It’s only been three years since Ford killed the popular Taurus sedan. It said it would only build pickups and SUVs because that is what the market was dictating. But lo and behold, it just began production of an entirely new Taurus for 2023. Just don’t expect it to be sold in the US. This new Taurus is only available in the Middle East, where, we guess, the market still demands one.
When was the Ford Taurus discontinued in the US?
The last Ford Taurus was available in 2019 in the US. But over in the Middle East, it has remained as popular as it once was here. But rather than tooling up an entirely new sedan, Ford did the next best thing. It rebadged the existing, all-new Mondeo sedan it just released in China. And if you squint, it actually does look like a revised version of the US Taurus, except, it’s not.
The Mondeo is a joint collaboration between Ford China and Ford Australia. It is sold with a 2.0-liter EcoBoost four-cylinder engine, which is expected to carry over to the Taurus. It’s hooked to an eight-speed automatic transmission.
Inside an eight-inch digital instrument cluster sits next to a 13.2-inch infotainment screen. The two-tone dash offers a wireless charging pad, among other features. In general, the cabin has an impressive look, which we would like to see transferred to some of Ford’s US products.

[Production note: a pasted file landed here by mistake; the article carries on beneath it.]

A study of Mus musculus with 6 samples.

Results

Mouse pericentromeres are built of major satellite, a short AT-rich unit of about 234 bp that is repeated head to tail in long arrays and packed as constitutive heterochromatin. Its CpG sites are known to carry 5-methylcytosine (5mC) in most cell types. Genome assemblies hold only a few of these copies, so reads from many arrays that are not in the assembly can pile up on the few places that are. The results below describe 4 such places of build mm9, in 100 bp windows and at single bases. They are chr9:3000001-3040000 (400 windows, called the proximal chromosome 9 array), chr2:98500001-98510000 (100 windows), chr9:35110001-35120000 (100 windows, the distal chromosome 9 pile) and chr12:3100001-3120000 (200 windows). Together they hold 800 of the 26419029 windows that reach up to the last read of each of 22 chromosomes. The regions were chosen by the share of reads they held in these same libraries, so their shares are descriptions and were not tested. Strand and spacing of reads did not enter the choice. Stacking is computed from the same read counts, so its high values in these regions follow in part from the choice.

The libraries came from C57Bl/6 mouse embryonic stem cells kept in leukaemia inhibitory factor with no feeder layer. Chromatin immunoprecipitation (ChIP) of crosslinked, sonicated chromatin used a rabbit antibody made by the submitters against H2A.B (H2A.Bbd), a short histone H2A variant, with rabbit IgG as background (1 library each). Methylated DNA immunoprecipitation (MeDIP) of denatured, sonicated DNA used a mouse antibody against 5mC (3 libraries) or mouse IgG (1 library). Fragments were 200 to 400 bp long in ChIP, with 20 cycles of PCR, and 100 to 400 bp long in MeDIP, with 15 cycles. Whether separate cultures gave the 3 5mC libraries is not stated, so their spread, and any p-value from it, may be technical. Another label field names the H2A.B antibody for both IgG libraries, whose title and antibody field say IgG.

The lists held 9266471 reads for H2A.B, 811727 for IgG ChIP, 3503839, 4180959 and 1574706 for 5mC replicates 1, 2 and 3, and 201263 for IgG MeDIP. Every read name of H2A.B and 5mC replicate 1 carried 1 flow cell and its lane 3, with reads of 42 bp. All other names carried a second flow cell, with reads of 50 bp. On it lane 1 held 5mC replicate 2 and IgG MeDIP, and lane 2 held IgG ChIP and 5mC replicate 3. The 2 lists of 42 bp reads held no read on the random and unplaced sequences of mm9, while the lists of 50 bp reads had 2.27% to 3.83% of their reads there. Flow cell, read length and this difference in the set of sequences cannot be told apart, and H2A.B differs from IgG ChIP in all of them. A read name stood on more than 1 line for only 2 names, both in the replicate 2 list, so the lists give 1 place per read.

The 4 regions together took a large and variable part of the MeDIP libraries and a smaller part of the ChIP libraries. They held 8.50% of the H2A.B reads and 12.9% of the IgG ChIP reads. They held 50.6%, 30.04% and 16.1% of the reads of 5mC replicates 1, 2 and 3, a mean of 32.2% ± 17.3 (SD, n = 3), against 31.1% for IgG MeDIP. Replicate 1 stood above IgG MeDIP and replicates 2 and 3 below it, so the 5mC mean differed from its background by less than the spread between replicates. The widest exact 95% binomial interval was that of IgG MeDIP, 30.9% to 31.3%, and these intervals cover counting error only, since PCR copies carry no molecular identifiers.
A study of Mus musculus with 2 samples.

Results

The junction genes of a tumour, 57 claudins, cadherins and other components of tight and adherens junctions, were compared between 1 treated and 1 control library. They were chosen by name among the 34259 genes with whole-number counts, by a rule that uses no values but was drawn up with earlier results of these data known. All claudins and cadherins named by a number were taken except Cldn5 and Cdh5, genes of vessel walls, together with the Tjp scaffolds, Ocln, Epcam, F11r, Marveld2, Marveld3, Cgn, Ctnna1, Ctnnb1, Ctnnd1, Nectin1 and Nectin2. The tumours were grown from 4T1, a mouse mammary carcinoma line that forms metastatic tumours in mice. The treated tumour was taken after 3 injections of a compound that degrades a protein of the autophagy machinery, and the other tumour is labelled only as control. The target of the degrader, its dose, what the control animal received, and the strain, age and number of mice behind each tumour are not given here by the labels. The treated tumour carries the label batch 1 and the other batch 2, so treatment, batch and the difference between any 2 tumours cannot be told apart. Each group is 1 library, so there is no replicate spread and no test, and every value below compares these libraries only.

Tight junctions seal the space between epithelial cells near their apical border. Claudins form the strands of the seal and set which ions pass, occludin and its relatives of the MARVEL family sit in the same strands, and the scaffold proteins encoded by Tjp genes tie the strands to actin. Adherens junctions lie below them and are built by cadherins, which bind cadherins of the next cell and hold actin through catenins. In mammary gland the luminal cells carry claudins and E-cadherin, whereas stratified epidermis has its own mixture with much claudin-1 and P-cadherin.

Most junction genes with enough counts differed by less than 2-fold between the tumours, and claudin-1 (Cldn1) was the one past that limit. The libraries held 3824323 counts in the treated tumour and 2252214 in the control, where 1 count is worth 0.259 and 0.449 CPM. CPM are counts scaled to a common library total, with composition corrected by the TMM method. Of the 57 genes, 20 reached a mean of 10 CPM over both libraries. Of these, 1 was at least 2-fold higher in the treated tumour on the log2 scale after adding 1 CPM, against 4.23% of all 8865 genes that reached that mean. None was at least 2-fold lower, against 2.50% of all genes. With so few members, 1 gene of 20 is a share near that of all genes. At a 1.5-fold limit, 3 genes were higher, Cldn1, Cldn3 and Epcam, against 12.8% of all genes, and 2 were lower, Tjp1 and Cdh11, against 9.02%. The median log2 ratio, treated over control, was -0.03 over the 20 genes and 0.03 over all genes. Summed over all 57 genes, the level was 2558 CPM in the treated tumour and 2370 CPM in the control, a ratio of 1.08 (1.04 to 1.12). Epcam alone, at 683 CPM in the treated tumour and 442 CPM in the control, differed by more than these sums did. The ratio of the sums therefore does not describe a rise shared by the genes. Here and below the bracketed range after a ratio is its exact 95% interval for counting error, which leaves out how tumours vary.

How popular is the Ford Taurus in the Middle East?
To show how popular the Taurus is in the Middle East, Carscoops says sales have jumped year-over-year by 527 percent. In Saudi Arabia, it increased by 73 percent. In Kuwait, it jumped 125 percent, while in Oman it saw sales rise 63 percent. So, yeah, the market is dictating making more and better Taurus cars.
Ford has been doing extensive testing of Mondeo cars throughout the region. With the climate such as it is, it needed to be sure the car could handle the sometimes challenging conditions.
What Ford has to say
“It’s crucial to the comfort of our customers, and the integrity of the all-new Taurus, that we test in such extreme climates,” product development general manager of Ford International Markets Group, Ziyad Dallalah, said. “Dust and sand can play havoc on engine internals and suspension components by accelerating wear on moving parts. Add that to the searing heat, and you are faced with a vehicle that has to work much harder than it might have to in more favorable conditions. Our testing ensures Taurus’ engine, transmission, driveline- and cooling systems can handle the demands of the region.”